Smack bang in the middle of Paris there is a gigantic, winged and smiling angel attached to a wall and spanning three storeys.
And no one knows it’s there. Yep, it’s a secret.
Don’t believe me? Well if you go on Google and zoom in on the location – which is 57 Rue de Turbigo by the Arts et Metiers Metro station – it even says “The Secret Angel”.
Personally, I lived down the road from this street for two years and had no idea there was a nine-metre angel there, despite passing her countless times.
But when I saw her for the first time this week I was stunned. So peaceful, so beautiful, so… Parisian.
From her hand hangs some kind of tassled bag. Her wings stretch out over the shuttered windows of the balconies on the fifth floor of the building. Imagine walking out onto one of those balconies and standing underneath the wings of an angel…
Unfortunately, you’ll have to imagine too, because if you sneak inside, as I did, you’ll see there’s a big sign saying “no trespassers”.
So, who is she and what’s she doing up there?
The angel was designed by Eugène Demangeat in 1860, based on another man’s design for a lighthouse that was never built.
Some call it the biggest caryatid in Paris, although, considering she is just decoration and not actually a pillar, others would disagree that she is a caryatid at all.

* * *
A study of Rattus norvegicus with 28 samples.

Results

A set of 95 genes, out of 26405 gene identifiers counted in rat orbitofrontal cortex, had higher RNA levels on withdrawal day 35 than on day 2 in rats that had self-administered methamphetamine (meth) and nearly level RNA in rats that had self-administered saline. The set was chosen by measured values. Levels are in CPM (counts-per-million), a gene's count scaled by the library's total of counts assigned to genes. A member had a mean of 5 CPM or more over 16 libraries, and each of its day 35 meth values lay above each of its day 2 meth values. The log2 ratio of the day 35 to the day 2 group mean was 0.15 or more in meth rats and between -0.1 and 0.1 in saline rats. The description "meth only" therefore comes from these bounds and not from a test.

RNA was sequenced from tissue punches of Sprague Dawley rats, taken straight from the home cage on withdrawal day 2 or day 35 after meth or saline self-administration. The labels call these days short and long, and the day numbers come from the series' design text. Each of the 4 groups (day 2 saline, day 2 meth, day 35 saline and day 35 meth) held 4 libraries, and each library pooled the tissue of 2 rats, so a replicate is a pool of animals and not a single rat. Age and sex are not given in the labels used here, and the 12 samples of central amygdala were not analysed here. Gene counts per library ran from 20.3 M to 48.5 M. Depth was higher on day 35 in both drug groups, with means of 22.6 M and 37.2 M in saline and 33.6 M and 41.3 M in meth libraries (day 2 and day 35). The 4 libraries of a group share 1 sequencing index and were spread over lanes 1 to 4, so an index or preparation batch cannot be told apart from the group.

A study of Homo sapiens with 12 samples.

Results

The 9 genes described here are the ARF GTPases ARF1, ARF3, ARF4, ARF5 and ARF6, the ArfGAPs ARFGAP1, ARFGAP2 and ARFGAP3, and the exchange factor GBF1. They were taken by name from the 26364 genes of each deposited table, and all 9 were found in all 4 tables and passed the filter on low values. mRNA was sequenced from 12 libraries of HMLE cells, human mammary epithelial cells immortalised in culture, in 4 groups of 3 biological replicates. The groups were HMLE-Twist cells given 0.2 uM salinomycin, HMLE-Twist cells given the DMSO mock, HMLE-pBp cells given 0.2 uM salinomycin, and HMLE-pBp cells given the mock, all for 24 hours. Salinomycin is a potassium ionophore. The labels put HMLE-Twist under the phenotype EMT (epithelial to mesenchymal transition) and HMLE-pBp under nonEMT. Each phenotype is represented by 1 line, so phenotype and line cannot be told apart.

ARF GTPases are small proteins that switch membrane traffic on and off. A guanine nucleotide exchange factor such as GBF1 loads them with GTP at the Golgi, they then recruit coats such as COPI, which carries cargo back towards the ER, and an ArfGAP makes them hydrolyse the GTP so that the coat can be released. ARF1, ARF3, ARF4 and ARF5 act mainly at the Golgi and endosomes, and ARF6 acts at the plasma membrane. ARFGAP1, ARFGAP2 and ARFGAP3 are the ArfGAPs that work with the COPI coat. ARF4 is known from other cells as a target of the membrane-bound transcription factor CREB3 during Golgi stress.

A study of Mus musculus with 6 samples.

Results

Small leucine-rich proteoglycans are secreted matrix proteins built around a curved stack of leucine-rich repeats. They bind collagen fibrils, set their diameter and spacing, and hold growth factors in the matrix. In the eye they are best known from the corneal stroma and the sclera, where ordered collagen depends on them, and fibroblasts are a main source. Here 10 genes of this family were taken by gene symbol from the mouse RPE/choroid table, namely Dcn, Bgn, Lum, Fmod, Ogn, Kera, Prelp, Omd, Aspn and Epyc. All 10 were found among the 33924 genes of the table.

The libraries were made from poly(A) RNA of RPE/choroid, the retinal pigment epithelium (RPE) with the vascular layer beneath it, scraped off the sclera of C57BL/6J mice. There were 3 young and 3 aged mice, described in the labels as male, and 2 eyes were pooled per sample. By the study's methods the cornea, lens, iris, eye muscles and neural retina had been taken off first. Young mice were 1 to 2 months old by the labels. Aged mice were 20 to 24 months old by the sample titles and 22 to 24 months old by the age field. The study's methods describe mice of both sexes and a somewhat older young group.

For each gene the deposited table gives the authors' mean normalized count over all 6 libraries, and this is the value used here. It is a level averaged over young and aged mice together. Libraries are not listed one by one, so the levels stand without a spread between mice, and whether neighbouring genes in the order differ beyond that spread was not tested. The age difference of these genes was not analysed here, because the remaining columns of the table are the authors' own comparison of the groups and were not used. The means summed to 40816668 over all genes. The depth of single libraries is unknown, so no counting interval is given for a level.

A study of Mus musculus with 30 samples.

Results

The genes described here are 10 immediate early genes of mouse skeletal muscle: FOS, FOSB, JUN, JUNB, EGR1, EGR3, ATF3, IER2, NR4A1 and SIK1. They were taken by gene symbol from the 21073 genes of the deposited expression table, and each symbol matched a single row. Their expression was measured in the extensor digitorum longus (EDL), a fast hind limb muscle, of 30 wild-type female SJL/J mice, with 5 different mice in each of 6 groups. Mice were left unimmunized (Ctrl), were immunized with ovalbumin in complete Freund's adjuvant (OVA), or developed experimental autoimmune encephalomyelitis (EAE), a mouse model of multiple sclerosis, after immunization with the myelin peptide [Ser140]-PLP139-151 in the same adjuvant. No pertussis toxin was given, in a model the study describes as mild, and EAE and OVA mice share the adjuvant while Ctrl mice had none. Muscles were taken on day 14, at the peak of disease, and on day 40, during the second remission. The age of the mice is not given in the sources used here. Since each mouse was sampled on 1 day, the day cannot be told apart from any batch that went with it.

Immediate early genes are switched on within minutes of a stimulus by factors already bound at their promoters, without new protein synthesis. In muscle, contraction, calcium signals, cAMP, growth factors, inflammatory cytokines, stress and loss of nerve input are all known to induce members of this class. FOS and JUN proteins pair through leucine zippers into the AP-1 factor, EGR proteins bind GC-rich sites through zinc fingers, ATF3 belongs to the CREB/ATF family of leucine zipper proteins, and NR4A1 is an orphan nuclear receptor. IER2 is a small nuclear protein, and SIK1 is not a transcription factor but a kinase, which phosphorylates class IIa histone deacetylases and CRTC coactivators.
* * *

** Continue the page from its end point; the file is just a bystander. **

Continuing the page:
Whatever she is, you can’t deny she is a sight to behold.
The story goes that Demangeat added the angel to the building to add an aesthetically pleasing touch to an otherwise plain corner of the building. If it’s true, he certainly succeeded.
A book called “Angels of Paris: An Architectural Tour Through the History of Paris” suggests that the angel’s neo-Grecian profile and Renaissance-style hairdo reflect the decorative textile trimmings industry that enjoyed a rebirth in the mid-19th century.
It’s perhaps no coincidence, then, that she is just down the road from Sentier, the garment district of Paris.
So why doesn’t anyone notice her?
The main reason, I suppose, is that there are a bunch of trees right in front of the angel. They’re currently quite nicely pruned though, so if you’re on the other side of the street you shouldn’t have a problem.
But if you’re on the same side of the street as the angel, you will probably miss her. After all, how often do you look directly upwards when walking along a street? I mean, it’s a neck ache just to take it all in from underneath. Believe me, I tried.
In any case, ask yourself and your Parisian friends… have they noticed the angel of Turbigo? You might just surprise them.
And next time you’re feeling a little down, why not pass by 57 Rue de Turbigo and check her out. Just remember to look up. Way up.